Falconry is legal in both jurisdictions in Ireland, but a completely different set of laws and restrictions apply.
To make a start you should first contact the government agency with responsibility for falconry and tell them that you are interested in becoming a falconer (Refer to Legislation Section).
You must understand all of these regulations fully before going any further. You should try to contact a falconer living in your area who is willing to help you – the IHC will try to assist you. Even experienced falconers value the help of other falconers - beginners above all need that help.
Beginners should read extensively about falconry. Learn from other peoples mistakes, not just your own. Go into the field on hunts with your experienced falconer. Dedicate at least a year to observation and reading only. If you are still convinced that you want to become a falconer, go through the final phase and apply for the relevant licenses, build your mews and weathering area, and acquire equipment with care and before acquiring a hawk.
It has been said that falconry is a sport for the very rich or the unemployed! The key point here is that it requires a significant amount of time. For any falconer to do justice to his/her bird, they need to be able to dedicate a significant amount of time to training, flying and hunting their bird. If you do not have time, you are likely to spoil your bird of prey. You can still enjoy falconry as a spectator and member of the Irish Hawking Club.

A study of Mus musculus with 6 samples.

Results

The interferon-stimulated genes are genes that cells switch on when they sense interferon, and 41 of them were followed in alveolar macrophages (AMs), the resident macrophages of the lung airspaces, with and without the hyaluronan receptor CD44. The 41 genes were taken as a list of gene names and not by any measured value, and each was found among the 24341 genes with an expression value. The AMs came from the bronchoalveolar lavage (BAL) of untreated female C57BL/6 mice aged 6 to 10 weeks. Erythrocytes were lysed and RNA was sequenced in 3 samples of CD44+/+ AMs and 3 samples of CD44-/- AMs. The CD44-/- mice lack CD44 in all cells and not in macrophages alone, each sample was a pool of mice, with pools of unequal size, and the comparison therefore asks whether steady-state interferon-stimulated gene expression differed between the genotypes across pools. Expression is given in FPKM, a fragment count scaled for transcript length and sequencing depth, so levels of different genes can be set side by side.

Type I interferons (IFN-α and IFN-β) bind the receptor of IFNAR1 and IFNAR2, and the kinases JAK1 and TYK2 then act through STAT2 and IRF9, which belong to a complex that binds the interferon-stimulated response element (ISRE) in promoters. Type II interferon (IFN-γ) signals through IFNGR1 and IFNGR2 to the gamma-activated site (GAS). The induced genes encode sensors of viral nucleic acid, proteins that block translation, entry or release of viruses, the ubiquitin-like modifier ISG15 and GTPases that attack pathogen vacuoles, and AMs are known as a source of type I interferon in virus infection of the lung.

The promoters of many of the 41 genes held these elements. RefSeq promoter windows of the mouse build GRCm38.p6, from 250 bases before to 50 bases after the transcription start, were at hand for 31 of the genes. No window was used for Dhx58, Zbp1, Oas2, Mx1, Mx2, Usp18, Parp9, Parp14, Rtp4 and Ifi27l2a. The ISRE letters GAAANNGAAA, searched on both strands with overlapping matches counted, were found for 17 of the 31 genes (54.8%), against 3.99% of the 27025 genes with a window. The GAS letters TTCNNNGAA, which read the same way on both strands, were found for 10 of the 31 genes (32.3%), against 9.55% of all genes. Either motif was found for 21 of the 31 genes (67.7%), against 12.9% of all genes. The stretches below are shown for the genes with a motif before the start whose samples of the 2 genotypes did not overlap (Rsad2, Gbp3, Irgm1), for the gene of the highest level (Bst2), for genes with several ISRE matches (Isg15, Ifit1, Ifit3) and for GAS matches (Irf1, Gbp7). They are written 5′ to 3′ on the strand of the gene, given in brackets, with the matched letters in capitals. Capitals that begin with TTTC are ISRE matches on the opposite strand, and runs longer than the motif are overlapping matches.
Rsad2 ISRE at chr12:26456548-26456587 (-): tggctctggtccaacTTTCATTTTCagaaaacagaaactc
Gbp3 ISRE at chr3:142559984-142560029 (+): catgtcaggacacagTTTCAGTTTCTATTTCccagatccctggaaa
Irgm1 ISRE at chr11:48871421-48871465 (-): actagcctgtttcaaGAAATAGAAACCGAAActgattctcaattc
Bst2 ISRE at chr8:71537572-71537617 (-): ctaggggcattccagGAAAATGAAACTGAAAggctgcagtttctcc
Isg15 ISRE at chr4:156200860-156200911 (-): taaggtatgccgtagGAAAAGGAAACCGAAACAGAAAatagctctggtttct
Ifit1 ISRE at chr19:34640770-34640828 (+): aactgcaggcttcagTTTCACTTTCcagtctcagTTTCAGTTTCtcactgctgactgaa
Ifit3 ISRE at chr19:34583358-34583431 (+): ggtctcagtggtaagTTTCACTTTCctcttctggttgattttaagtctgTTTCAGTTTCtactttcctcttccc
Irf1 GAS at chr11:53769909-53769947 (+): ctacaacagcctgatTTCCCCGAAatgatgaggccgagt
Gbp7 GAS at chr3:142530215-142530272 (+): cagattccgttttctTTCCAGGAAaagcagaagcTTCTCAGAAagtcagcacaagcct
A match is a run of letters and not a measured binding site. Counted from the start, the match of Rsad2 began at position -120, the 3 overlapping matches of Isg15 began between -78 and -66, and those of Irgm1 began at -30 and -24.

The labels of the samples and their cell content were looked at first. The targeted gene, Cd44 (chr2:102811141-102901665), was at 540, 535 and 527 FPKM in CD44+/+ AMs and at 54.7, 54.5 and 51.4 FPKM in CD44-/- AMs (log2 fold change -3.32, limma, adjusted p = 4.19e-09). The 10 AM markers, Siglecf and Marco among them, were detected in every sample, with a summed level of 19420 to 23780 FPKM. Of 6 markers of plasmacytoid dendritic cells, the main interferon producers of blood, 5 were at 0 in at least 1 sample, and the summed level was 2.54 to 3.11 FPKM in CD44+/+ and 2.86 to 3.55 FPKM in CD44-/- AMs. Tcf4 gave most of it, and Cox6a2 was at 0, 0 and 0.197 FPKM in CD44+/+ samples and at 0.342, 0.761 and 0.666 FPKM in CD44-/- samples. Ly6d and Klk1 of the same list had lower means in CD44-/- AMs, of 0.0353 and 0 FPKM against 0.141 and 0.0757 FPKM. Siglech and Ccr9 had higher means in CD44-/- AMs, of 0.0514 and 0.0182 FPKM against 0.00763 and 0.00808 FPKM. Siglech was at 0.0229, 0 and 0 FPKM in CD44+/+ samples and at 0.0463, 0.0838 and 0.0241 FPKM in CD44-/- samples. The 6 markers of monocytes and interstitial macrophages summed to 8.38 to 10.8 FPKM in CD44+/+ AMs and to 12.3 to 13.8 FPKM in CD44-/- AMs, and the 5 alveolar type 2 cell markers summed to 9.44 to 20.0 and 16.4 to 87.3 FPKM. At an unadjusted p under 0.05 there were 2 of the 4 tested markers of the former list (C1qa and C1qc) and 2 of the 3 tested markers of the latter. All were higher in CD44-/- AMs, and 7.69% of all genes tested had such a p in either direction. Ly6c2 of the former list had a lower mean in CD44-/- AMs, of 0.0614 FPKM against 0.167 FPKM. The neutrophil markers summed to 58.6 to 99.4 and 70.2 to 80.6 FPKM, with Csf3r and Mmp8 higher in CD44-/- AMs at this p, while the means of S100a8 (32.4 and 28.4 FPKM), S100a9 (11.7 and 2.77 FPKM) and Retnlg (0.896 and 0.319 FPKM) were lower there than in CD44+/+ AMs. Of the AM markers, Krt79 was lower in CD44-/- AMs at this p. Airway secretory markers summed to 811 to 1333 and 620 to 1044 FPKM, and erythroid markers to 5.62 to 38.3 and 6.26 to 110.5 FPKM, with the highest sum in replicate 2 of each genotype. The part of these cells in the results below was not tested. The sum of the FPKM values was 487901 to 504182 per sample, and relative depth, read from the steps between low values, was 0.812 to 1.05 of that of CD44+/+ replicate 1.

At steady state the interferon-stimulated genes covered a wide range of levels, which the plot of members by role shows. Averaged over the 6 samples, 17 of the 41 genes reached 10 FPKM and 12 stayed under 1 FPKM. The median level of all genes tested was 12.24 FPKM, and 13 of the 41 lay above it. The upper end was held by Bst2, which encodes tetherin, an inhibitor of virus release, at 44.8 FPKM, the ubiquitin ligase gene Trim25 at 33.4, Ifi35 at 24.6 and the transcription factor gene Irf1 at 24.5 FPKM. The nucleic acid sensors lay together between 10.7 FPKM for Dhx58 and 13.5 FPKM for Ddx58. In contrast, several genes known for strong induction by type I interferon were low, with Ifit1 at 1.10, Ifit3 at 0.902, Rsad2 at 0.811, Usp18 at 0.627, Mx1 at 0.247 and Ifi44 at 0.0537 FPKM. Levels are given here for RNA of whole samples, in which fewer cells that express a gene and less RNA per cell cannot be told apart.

People who intend to keep a falcon or hawk as a pet, should be discouraged from taking up falconry. Hunting is important for both the physical and mental well being of the bird. In order to hunt with a bird of prey, one will need to ensure that they have adequate access to suitable hunting land, with sufficient numbers of quarry species (i.e., rabbits, crows,etc.). Each species of bird of prey has evolved and is finely tuned, over thousands of years, to pursue different types of prey species through a variety of hunting and flying styles. Therefore, an appreciation of the natural habitat and behaviour of wild birds of prey provides a good foundation.
BEFORE GETTING A BIRD YOU SHOULD
Before you obtain a bird, though, you will need to ensure that you -
The IHC has produced a beginner’s leaflet and guidance on the housing of birds of prey, which can be made available on request from the Treasurer when making your application for membership.